NEW YORK — Making a $34 billion bet on the future of the U.S. economy, Warren Buffett’s Berkshire Hathaway Inc. today agreed to buy Burlington Northern Santa Fe Corp.
“Berkshire’s $34 billion investment in BNSF is a huge bet on that company, CEO Matt Rose and his team, and the railroad industry,” Buffett said in a statement.
“Most important of all, however, it’s an all-in wager on the economic future of the United States. I love these bets,” he said.
Berkshire Hathaway already owns about 22 percent of Burlington Northern, and said it will pay $100 a share in cash and stock for the rest of the company, a 31.5 percent premium on Burlington Northern’s Monday closing price. Shareholders have the option to convert their stock for a cash payment of $100 per share or receive Berkshire Class A or Class B common stock. Up to 60 percent of the deal is cash and 40 percent is in stock.
The majority of the stock in the deal will be Berkshire’s “A” shares, but Berkshire’s board also approved a 50-for-1 split of its Class B common stock for holders of smaller amounts of Burlington shares who opt for a share exchange rather than cash. Berkshire’s Class B shares closed Monday at $3,265. With the split, each share will be worth $65.30. Burlington shares closed Monday at $76.07. The shares shot up 29 percent to $98.13 in premarket trading. Shares of other major rails rose as well.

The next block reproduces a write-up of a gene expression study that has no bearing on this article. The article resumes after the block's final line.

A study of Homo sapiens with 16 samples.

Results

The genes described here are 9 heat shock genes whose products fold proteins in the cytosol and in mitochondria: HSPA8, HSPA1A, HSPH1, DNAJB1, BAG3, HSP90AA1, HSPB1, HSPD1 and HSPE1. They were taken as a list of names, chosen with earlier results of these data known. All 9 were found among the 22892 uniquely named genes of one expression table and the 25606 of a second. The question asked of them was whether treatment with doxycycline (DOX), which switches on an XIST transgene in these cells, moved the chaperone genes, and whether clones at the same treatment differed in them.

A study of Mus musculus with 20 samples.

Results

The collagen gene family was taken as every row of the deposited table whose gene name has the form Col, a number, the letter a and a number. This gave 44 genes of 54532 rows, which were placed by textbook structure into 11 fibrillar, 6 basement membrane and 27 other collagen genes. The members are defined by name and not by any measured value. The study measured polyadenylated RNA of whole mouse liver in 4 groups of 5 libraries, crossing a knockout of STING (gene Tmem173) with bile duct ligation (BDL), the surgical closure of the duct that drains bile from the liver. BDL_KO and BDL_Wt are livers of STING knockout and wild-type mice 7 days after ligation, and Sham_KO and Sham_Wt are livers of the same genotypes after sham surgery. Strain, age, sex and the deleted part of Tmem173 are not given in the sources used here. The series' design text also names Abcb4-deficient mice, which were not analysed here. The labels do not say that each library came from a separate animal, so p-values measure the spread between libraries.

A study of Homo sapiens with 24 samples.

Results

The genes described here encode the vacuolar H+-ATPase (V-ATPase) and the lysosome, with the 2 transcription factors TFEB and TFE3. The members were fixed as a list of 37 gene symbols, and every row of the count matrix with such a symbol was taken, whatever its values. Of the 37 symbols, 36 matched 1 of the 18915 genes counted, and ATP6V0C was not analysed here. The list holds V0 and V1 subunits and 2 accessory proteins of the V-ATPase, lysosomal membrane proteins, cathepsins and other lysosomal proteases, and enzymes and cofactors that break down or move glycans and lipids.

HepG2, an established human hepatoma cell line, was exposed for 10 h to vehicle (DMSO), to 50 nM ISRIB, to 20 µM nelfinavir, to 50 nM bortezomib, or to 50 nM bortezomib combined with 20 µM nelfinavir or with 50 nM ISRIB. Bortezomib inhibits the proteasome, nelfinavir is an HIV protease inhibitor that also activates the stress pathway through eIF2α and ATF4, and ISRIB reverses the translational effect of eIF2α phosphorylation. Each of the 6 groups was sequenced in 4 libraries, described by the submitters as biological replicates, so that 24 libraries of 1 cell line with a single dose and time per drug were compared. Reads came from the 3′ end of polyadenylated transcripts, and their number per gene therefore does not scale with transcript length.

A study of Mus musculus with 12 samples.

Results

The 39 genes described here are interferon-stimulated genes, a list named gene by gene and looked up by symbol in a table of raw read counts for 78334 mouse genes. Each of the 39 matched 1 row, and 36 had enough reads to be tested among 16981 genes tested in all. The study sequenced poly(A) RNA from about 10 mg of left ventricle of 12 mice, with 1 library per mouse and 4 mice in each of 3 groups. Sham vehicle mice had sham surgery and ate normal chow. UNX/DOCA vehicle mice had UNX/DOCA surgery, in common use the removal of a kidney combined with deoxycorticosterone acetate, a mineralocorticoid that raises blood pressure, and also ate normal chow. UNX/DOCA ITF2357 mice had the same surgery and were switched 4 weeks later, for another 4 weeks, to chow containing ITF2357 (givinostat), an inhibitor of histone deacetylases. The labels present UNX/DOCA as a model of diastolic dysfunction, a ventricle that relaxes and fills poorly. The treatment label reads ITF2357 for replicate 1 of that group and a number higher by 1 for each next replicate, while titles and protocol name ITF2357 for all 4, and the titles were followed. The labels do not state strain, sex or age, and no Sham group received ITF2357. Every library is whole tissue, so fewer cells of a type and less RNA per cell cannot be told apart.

The deal has been approved by the boards of both companies. It would be the biggest acquisition ever for Berkshire Hathaway Inc.
Berkshire also owns MidAmerican Energy Holdings, which controls power companies in the Midwest and Pacific Northwest. The railroad could be a strategic acquisition because its tracks run right through both regions, a major coal supply route for power plants.
The chairman of MidAmerican Energy has come out vocally against climate change legislation which targets coal-fired power plants.
Burlington Northern Santa Fe is the country’s second-largest railroad with a market capitalization — the market value of the company’s outstanding shares — of about $25.9 billion.
Last month the company reported third-quarter profit dropped 30 percent to $488 million, or $1.42 per share, as people continued to hold back on purchasing goods from stores and industrial production continued to struggle.